Nature: The Forgotten Gateway

Posted by Karen Hadalski at 15 March 2012

Category: Spirituality

In today’s world it is a real challenge to remain centered, calm, in possession of Self, in touch and in harmony with God.  Yet, this is what we must strive for and hold as our number one priority if we want to make spiritual progress and attain self-mastery.

Throughout history humanity’s greatest teachers have been those who knew how to hold themselves “apart” from the noisy clamor of society and keep counsel with their Higher Self.  One way to do this is through regular contact and communion with the natural world.

Children are instinctively drawn to nature, as are geniuses, philosophers, artists, and holy men and women.  Nigel Calder tells us in Einstein’s Universe that this genius “wondered with an intense, child-like curiosity about the workings of nature and had a very good intuition concerning them…”  Albert Schweitzer’s active philosophy of reverence for all life took root in childhood when he and his mother used to wander for hours through the mountains, woods, and lake country of Alsace.  Jesus went into the wilderness and Moses to the mountaintop to commune with God.  Gautama Buddha experienced his “Great Enlightenment” while sitting under a Bo tree.

As for the rest of us, we tend to grow up and grow away from nature.  We work in an office; shop in a mall; relax in front of the television or computer; and worship in a church, mosque, or synagogue.  In the modern world, being in nature isn’t “natural” at all.  It takes planning and effort and travel and time–just to get there.

Although we are spiritual beings, we possess physical bodies and brains that are programmed to be acutely attentive to all that is happening around us–programmed for “fight or flight.” Being in the natural world can help us to still and purify our five senses so that they are able to receive and know.

A simple walk in the park, woods, or along the shore can help us to clear our minds and purify our senses. You’ll need to leave your headphones at home, though; and, the best walking companion around is your dog.  Animals are great teachers.  Being with and observing how they interact with their surroundings helps us to shift our attention to the present moment and to experience life with the same intense awareness as we did when we were children.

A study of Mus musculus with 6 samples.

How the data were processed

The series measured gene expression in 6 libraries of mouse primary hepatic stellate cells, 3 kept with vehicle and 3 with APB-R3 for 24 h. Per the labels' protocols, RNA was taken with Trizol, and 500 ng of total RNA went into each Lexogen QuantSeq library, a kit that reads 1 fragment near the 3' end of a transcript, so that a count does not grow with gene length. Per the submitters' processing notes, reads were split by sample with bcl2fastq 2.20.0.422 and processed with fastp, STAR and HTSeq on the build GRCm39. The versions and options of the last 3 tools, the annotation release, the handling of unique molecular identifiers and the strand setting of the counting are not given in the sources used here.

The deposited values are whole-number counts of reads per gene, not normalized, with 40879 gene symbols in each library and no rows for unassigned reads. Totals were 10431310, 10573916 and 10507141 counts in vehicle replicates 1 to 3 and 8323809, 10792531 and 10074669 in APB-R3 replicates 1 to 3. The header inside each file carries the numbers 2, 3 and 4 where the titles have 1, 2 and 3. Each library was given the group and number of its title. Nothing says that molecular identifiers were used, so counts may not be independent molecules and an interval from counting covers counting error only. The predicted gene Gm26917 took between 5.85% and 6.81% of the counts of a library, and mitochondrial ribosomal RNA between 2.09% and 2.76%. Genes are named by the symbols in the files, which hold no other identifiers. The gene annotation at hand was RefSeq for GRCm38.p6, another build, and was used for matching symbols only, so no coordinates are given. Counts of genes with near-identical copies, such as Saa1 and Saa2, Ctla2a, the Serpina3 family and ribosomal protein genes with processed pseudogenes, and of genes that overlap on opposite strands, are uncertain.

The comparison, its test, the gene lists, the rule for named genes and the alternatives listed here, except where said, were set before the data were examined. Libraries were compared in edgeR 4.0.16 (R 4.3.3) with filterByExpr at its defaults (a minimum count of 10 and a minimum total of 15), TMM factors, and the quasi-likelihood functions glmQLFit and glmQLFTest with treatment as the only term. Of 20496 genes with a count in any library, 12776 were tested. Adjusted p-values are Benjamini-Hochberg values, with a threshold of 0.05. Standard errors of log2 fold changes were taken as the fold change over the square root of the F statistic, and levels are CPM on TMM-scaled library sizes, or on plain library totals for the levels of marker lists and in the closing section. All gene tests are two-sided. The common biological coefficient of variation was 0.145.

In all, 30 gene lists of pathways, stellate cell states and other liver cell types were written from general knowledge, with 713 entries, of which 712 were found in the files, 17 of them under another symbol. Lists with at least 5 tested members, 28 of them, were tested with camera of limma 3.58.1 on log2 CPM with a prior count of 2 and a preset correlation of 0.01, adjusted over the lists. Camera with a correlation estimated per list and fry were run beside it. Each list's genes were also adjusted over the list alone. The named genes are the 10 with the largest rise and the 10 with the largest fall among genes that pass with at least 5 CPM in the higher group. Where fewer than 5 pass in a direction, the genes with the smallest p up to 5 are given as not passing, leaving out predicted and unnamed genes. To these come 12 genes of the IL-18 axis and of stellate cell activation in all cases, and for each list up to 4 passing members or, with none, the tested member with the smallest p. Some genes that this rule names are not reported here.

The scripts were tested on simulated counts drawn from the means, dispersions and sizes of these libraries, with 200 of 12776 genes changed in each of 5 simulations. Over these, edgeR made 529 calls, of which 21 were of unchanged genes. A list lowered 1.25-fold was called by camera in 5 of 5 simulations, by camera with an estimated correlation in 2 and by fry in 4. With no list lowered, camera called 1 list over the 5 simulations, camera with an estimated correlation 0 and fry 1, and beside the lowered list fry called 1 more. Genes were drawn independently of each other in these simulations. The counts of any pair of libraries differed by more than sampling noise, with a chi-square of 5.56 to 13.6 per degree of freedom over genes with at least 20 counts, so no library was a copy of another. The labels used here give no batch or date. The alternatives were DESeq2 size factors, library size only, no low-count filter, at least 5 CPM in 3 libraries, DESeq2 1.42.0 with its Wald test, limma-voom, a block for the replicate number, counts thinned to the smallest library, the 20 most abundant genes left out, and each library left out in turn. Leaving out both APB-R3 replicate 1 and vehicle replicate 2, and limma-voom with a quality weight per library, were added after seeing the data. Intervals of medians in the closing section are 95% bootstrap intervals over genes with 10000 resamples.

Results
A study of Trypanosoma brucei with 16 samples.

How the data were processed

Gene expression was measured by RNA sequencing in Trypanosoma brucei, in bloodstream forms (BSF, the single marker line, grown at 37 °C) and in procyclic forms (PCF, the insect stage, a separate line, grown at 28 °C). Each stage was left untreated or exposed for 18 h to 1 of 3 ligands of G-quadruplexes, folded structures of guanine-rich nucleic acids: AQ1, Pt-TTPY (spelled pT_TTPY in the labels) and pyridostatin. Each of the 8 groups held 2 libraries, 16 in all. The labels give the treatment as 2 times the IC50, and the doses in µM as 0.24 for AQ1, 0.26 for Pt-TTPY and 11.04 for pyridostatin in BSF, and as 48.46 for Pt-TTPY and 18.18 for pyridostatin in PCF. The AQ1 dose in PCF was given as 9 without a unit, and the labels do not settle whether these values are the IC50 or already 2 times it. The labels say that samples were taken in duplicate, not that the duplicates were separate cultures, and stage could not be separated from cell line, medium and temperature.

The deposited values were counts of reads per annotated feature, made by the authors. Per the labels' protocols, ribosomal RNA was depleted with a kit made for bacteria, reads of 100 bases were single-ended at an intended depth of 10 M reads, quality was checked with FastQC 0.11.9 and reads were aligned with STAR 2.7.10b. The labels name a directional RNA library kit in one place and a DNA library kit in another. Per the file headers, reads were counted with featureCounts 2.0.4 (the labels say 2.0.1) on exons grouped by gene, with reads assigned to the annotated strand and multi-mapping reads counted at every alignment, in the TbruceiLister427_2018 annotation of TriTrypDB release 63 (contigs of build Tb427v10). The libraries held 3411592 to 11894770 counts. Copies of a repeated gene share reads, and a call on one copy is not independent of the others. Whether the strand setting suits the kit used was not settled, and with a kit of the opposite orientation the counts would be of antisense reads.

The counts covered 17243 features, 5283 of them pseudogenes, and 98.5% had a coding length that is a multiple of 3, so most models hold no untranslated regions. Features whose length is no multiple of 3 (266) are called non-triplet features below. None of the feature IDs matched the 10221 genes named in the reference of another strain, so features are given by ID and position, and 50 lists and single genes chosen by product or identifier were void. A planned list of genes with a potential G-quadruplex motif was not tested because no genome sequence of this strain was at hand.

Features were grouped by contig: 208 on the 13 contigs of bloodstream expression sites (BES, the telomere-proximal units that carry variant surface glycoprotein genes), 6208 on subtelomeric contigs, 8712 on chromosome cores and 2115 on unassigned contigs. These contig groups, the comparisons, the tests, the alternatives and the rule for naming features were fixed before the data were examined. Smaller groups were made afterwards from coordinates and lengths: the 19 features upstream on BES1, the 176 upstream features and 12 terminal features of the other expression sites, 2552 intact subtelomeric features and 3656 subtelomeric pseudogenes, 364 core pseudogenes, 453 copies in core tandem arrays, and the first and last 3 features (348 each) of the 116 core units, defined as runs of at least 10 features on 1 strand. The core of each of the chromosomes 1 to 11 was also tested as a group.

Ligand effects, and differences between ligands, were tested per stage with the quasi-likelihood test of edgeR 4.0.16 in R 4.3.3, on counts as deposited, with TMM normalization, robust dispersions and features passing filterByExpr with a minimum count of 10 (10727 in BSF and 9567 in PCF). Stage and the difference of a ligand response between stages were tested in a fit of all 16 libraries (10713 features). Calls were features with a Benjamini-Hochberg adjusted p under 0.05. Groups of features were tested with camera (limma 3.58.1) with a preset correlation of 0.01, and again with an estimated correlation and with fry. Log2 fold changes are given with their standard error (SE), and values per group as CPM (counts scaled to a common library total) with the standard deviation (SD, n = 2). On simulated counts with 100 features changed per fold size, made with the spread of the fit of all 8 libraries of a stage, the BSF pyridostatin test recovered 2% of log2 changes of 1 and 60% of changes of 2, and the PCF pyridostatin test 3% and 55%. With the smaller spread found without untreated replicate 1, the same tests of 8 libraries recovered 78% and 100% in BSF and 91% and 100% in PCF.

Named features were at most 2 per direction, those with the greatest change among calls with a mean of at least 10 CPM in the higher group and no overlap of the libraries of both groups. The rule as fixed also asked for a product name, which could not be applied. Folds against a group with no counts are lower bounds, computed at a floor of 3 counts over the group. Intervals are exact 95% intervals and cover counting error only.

The natural world is instructive.  It prompts us to question and helps us to understand spiritual truths, natural laws, and our place in the scheme of things.  It is symbolic.  And, once we discover the deeper meanings inherent in its symbolism, we discover something about its Creator, as well.

Nature’s cycles provide us with a sense of security, hopefulness, and optimism: light always follows darkness; warm, luxurious springs push through cold, barren winters; radiant rainbows appear after the worst storms; and regeneration, in some form, follows even the most devastating of natural disasters.

As human beings we are a marriage of both matter and spirit; and, if we are to fulfill what many believe to be our highest calling–Self-actualization and reunion with God–we must come to know both sides of our self, intimately.  We need to go into and through that part of our being which is one with the natural world to meet that part which is one with the spiritual world.  While angels might minister to our souls; the beauty, harmony, purity, and vitalism of nature can minister to our bodies, minds, and emotions every single day.  We just have to be there.



  1. Susan says

    Congrats ~ Found your blog on Google while searching for a related topic, your site came up, it looks good, keep them coming !

    • admin says

      Glad you found me. Thanks for the encouragement!

  2. Ayumi says

    You have shown great perseverance in writing this blog. It’s been enriched since the beginning. I love to share it with my friends. Carry on.

    • admin says

      Thank you, Ayumi. I appreciate your response.

  3. Neck Pain Relief says

    Thanks for taking the opportunity to mention this. I feel strongly about it and I benefit from gardening and greenhouse structures. When possible, please update this website with new information. I have found it extremely useful.

      I’m glad you’ve found it useful. And, thank you for reminding me about gardening–indoors and out–another excellent way to benefit from the nurturing, healing properties of nature.